Following Hurricane Katrina, an Interagency Performance Evaluation Task Force (IPET) was convened to find scientific and engineering answers to questions regarding the functioning of the New Orleans levee system during the storm. IPET was established by the Chief of the U.S. Army Corps of Engineers and includes more than 150 nationally recognized experts from more than 50 different organizations (eight federal, state and local government agencies; 25 universities and 23 private sector firms).  

According to the IPET Report, four of the 50 major levee breaches caused by Hurricane Katrina resulted from foundation-induced failures. The remainder were caused by a combination of overtopping and scour. “Scour” refers to the erosion of earthen levee due to wave and water friction.

To address these issues, some levees and floodwalls have been (or are in the process of being) raised and in some areas widened. Additionally, scour protection will be added to some areas in the form of armoring, which protects earthen levees from erosion. There are many types of levee armoring.
Effects of scour on a levee and floodwall
near the Inner Harbor Navigation Canal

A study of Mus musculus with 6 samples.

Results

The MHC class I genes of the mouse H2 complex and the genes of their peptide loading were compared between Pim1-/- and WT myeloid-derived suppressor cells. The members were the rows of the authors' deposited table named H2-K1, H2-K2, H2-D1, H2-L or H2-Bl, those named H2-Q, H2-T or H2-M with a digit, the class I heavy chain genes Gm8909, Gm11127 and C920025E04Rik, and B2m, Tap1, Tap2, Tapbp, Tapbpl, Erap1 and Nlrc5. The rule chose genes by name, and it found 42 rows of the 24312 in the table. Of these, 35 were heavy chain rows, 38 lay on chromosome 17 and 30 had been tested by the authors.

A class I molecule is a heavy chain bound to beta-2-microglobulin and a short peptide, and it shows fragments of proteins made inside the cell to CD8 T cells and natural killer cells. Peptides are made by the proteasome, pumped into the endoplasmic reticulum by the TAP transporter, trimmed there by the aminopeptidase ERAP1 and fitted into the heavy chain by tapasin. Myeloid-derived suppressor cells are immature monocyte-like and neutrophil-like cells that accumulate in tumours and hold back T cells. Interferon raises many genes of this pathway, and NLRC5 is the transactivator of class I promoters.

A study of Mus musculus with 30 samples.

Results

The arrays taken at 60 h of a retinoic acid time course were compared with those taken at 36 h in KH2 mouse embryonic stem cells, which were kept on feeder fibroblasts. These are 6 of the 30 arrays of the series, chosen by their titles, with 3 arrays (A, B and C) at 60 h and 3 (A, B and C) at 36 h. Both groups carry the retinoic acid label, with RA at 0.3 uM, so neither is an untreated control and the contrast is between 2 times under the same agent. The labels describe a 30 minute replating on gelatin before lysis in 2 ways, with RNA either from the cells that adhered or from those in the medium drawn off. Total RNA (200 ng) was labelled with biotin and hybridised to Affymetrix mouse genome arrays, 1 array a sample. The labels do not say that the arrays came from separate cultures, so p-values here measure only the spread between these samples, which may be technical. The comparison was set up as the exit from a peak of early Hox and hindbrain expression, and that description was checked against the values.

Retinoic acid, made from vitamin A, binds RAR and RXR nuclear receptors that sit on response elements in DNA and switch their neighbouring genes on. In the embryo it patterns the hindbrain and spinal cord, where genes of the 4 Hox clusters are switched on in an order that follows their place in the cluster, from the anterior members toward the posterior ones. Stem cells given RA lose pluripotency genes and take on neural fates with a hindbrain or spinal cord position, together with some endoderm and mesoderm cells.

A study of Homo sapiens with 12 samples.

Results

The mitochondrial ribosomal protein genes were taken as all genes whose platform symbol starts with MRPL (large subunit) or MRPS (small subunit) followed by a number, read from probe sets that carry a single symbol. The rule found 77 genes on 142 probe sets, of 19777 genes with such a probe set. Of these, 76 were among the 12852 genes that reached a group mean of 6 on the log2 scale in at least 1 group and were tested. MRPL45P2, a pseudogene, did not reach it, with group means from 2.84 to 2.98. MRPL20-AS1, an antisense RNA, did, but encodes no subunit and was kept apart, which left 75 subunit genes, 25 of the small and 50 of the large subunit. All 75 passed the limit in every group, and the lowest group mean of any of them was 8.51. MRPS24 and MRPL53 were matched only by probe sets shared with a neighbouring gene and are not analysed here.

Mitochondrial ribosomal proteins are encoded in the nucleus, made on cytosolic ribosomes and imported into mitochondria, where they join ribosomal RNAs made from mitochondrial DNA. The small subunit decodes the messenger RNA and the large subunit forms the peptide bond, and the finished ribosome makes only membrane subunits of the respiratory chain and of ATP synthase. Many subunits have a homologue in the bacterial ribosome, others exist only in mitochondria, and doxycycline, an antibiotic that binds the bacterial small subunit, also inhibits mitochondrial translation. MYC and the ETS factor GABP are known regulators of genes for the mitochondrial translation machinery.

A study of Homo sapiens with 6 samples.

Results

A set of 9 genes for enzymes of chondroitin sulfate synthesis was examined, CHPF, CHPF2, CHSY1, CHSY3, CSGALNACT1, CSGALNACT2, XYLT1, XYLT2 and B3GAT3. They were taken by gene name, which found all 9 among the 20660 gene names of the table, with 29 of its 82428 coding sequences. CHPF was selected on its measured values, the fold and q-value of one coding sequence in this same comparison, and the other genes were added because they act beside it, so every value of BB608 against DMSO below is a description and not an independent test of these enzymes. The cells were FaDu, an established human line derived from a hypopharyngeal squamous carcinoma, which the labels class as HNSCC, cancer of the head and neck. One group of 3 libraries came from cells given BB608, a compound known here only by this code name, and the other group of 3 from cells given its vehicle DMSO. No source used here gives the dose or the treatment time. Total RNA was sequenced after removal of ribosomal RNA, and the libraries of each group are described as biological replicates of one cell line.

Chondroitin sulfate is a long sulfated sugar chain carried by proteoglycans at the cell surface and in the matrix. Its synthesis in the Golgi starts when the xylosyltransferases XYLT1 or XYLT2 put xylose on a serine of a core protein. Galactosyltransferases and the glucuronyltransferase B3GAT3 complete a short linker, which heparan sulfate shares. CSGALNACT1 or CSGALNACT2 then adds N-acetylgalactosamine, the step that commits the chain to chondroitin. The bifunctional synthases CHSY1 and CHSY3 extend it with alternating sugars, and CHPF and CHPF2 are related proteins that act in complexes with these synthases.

The most common and important form of armoring on earthen levees is grass. Some additional armoring examples include rip-rap (large stones), turf-reinforced mats, and concrete slabs. In some repaired areas, rip-rap armoring has been reinforced with grout to lock the large stones in place and solidify the protective layer. Critical areas for scour protection include transition points where levees and floodwalls abut; where pipelines cross levee alignments; at floodwalls, particularly in densely populated areas; and where levees are directly exposed to large sections of open water (e.g. the New Orleans East and St. Bernard levees adjacent to Lake Borgne that suffered massive damage during Hurricane Katrina).


In preparation for adding grass armor to a levee, dirt is scarified and then sprayed with a grass seed hydro-mulch. A wood-cellulose fiber is added for moisture during seed germination and to prevent erosion before growth. Later, growth is monitored to ensure a healthy root system anchors grass to the earth and that blades of grass shield the dirt from erosion.